Stop, drop and roll. Anyone who participated in fire safety day in elementary school will remember these words. You may have learned the importance of staying low to escape a fire or not to play with matches, both of which are important tips. But there are many fire safety facts that people aren’t aware of, and that’s why we’re sharing these top tips fire safety experts and firefighters want families to know.
Clean your fireplace. With temperatures dropping, fireplaces are heating up. But before you break out the fire logs and strike the match, give your fireplace a good scrubbing! Last year’s build up inside the fireplace can be extremely flammable. Use a creosote log as a self-cleaning option, or call a professional chimney sweep.
You need different types of alarms. Judy Comoletti of the National Fire Protection Association warns that one type of smoke alarm may not be enough to protect your home. “Homes need both ionization and photoelectric type smoke alarms,” says Comoletti, explaining that both of these smoke alarms warn of fires but detect different types. “An ionization smoke alarm is generally more responsive to a flaming fire such as a pan on the stovetop,” she says, “while a photoelectric smoke alarm is generally more responsive to a smoldering fire, such as wiring in the walls or a cigarette butt on upholstery.” She recommends an alarm that has both detections in one system like the Kidde Dual Ionization and Photoelectric Smoke Alarm available for $34.25.
Smoke alarms don’t last. Despite the warnings and reminders, most people don’t maintain their smoke alarms or change the batteries twice a year. Sandy Facinoli, Chief of Prevention and Information for the U.S. Fire Administration, says, “Most people just have a smoke alarm and think it lasts forever, but it doesn’t. It has a life expectancy of 10 years.” She stresses the importance of getting a new, up-to-date alarm in order to ensure you’re aware if a fire breaks out.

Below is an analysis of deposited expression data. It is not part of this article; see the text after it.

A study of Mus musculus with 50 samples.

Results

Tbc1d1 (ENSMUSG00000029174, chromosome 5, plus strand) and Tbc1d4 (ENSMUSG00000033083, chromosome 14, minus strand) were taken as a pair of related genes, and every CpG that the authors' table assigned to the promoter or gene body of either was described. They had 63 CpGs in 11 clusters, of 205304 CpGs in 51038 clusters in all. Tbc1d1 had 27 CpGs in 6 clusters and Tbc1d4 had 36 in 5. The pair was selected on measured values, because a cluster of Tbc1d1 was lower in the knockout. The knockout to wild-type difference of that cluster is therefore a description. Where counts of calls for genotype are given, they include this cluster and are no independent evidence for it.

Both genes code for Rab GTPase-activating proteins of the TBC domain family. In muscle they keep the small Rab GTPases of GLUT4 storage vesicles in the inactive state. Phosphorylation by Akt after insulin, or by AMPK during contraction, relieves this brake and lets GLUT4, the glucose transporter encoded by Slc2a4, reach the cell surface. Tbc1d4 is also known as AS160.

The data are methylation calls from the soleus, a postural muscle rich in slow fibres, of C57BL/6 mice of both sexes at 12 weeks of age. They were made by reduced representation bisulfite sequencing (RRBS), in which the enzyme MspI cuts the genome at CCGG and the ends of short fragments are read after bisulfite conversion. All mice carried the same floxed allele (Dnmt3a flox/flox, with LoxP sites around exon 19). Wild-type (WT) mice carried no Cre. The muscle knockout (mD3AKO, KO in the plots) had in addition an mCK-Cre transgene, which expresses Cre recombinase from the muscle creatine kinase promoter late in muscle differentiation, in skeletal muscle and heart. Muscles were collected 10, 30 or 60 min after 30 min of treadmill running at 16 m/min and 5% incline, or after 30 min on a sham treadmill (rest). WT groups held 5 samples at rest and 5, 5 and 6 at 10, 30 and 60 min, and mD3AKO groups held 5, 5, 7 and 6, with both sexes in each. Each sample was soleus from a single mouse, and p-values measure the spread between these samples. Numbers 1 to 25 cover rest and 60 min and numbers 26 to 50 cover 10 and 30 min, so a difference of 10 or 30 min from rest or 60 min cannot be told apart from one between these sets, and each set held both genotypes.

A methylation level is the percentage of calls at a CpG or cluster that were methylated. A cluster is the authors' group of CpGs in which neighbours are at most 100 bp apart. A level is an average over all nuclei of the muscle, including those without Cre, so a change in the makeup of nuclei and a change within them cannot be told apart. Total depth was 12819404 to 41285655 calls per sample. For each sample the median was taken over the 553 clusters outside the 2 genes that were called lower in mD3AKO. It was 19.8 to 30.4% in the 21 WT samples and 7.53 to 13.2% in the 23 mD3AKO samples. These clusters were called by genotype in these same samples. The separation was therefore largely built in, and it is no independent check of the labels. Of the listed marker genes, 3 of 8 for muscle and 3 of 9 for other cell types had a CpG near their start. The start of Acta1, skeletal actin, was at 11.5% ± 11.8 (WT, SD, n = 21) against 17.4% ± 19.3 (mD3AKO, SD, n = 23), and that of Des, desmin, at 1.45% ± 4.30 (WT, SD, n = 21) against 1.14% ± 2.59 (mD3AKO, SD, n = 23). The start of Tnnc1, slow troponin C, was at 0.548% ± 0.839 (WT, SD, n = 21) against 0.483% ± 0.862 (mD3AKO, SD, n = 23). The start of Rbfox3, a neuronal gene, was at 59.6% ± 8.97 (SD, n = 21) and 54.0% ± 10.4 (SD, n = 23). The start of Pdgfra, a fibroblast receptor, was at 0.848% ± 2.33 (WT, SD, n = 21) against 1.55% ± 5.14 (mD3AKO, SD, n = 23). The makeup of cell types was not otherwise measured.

You don’t have as much time as you think. “People have grown up thinking you have 10 to 15 minutes once a smoke alarm goes off,” Facinoli explains. “But really, it’s about three minutes. ” Why the decrease in time? “Because of the nature of furnishings in people’s houses,” she explains, “and house designs that have open ceilings.” This open space provides oxygen to fuel ventilation-controlled fires, called flashovers, and causes a sudden burst of flames.
Don’t grab your stuff. We know it may be tempting to grab photos, important documents or a duffel full of clothing in the midst of a fire, but don’t. This extra baggage will literally weigh you down and prevent you from escaping as quickly as possible. If you are concerned about sentimental items and documents, consider investing in a fire-proof safe or an online account where you can keep extra copies of pictures, bank statements and other important items.
Don’t hide. In the case of a fire, the first reaction children have when they can’t escape is to hide. While this temporarily protects them from danger, it also makes it harder for rescuers to find them. Instead, discuss with your children the importance of staying out in a safe, open place and yelling for help.